PORTRUSH, Northern Ireland -- Shane Lowry said he was not pleased with the state of his game as he made the 180-mile drive north from his home town of Clara, Ireland, for this week's Open Championship.
He changed his mind set after a conversation with his caddie at a local pub, and now is 18 holes away from claiming not only his first major title, but the first Open Championship held at Northern Ireland's Royal Portrush in 68 years.
Lowry tied the second-lowest score in major championship history with his 8-under-par 63 on Saturday, July 20, narrowly missing a fourth consecutive birdie putt on the 18th hole to tie Branden Grace's 62 at Royal Birkdale two years ago.
As it stands, Lowry is 16-under par and will enter the final round with a four-shot lead over England's Tommy Fleetwood.
"My mind's a bit fuzzy at the minute," Lowry told NBC after completing his bogey-free round. "Obviously, I just had an incredible day on the golf course. I'm looking forward to sitting down a little later on and just kind of reflect on it."
Lowry leads the field with 19 birdies this week. The world's 33rd-ranked player also leads in greens in regulation and his 197 is the lowest 54-hole score in Open Championship history. The only lower 54-hole score in any major was David Toms' 196 at the PGA Championship at the Atlanta Athletic Club in 2001.
While his game is certainly in excellent shape, the 32-year-old knows the mental part will be the biggest factor on Sunday.
Lowry held a four-shot lead after 54 holes of the 2016 U.S. Open at Oakmont, but settled for a tie for second after imploding with a final-round 76.
"Look, I'm very excited for tomorrow," he said. "Four ahead for an Open Championship in Ireland ... I don't know what to say. I don't know what to say."
J.B. Holmes birdied the 18th hole to get to 10-under par and sits alone in third place.
Four-time major champion Brooks Koepka is tied for fourth along with England's Justin Rose at 9 under. They are seven shots behind Lowry but still in contention with wind and rain in Sunday's forecast.
"It's going to be an advantage for me, with the fact that I feel like I'm striking the ball well and I'm so far back," Koepka told NBC Sports. "If you're going to have difficult conditions, it's going to be windy, maybe a little bit of rain, that's kind of what I need. I need a chance, and hopefully that will be to my benefit."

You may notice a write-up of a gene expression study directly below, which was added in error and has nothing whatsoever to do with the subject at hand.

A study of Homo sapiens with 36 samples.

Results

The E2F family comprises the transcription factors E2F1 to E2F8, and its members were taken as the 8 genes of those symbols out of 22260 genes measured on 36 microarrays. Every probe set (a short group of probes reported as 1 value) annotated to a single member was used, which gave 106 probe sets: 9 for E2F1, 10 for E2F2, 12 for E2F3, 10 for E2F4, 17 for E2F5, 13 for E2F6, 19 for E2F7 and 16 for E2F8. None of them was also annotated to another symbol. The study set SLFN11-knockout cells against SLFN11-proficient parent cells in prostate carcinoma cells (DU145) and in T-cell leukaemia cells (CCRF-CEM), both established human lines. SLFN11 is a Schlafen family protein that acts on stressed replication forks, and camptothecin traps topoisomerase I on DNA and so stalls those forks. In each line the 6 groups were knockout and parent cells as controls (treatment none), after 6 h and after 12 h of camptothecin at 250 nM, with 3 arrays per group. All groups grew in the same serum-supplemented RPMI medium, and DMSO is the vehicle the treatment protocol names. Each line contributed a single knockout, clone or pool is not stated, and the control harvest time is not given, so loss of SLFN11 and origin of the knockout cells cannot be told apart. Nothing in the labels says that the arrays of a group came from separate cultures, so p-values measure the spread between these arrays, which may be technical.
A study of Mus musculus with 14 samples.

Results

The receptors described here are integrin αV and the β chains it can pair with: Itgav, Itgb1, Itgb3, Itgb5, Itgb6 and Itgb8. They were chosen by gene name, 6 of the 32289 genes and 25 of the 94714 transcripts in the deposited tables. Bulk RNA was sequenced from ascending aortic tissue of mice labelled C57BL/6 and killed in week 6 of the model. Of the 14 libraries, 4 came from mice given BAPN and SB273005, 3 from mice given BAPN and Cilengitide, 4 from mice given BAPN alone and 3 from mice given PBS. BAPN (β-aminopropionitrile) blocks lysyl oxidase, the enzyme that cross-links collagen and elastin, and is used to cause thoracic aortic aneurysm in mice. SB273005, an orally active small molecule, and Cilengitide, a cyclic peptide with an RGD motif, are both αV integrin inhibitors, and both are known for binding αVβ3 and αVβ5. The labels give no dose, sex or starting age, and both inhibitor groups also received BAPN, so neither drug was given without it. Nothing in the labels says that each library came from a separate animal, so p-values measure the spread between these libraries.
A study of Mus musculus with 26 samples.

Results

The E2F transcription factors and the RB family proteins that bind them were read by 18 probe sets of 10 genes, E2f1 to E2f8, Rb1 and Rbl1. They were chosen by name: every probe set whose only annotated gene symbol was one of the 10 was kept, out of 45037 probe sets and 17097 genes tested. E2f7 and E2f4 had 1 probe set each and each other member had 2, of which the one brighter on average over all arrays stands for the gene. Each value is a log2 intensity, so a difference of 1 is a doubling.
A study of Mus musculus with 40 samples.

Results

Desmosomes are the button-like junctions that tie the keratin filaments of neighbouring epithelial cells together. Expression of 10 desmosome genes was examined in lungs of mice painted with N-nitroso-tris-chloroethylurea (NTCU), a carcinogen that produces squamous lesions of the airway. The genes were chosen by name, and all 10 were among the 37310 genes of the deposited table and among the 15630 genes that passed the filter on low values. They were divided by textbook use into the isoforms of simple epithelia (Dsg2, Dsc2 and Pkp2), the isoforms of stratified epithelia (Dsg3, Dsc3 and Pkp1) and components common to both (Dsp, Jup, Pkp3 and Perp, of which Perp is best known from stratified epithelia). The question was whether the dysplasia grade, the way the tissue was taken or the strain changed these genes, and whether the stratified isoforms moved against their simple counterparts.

Koepka shot a 4-under 67 on Saturday despite struggling with his putter to post his 18th sub-par round in his last 20 rounds in majors. He is a combined 56 under in those rounds. Koepka has 26 major rounds in the 60s since 2017 -- five better than anyone else (Rickie Fowler and Jordan Spieth).
"Just relying on ball striking, that's it," Koepka said. "I don't think anybody in the field has hit it better than me. I've just probably putted the worst in the entire field, which is quite frustrating. I feel like I haven't made anything outside 4 feet."
Fowler posted a 66 on Saturday and is another shot off the pace, tied for sixth place with England's Lee Westwood at 8 under.
Making up eight shots on Lowry figures to be difficult. Lowry said he was aware of Sunday's forecast as he made a final push to reel off three consecutive birdies on No. 15-17 to increase his cushion over Fleetwood.
"I know it's a bad weather forecast, so I said to myself if I can make one or two coming in I'll really help myself," Lowry said. "And that's what I did, which is nice."
With the partisan crowd heartily cheering his name, Lowry was quick to acknowledge that he will need to stay mentally sharp on Sunday.
"It's going to be a difficult 24 hours," he said. "But ... God, there's nowhere else I'd rather be. Hopefully I can stick to my game plan and stick to my mental process over the next 24 hours and see where it leaves me this time tomorrow."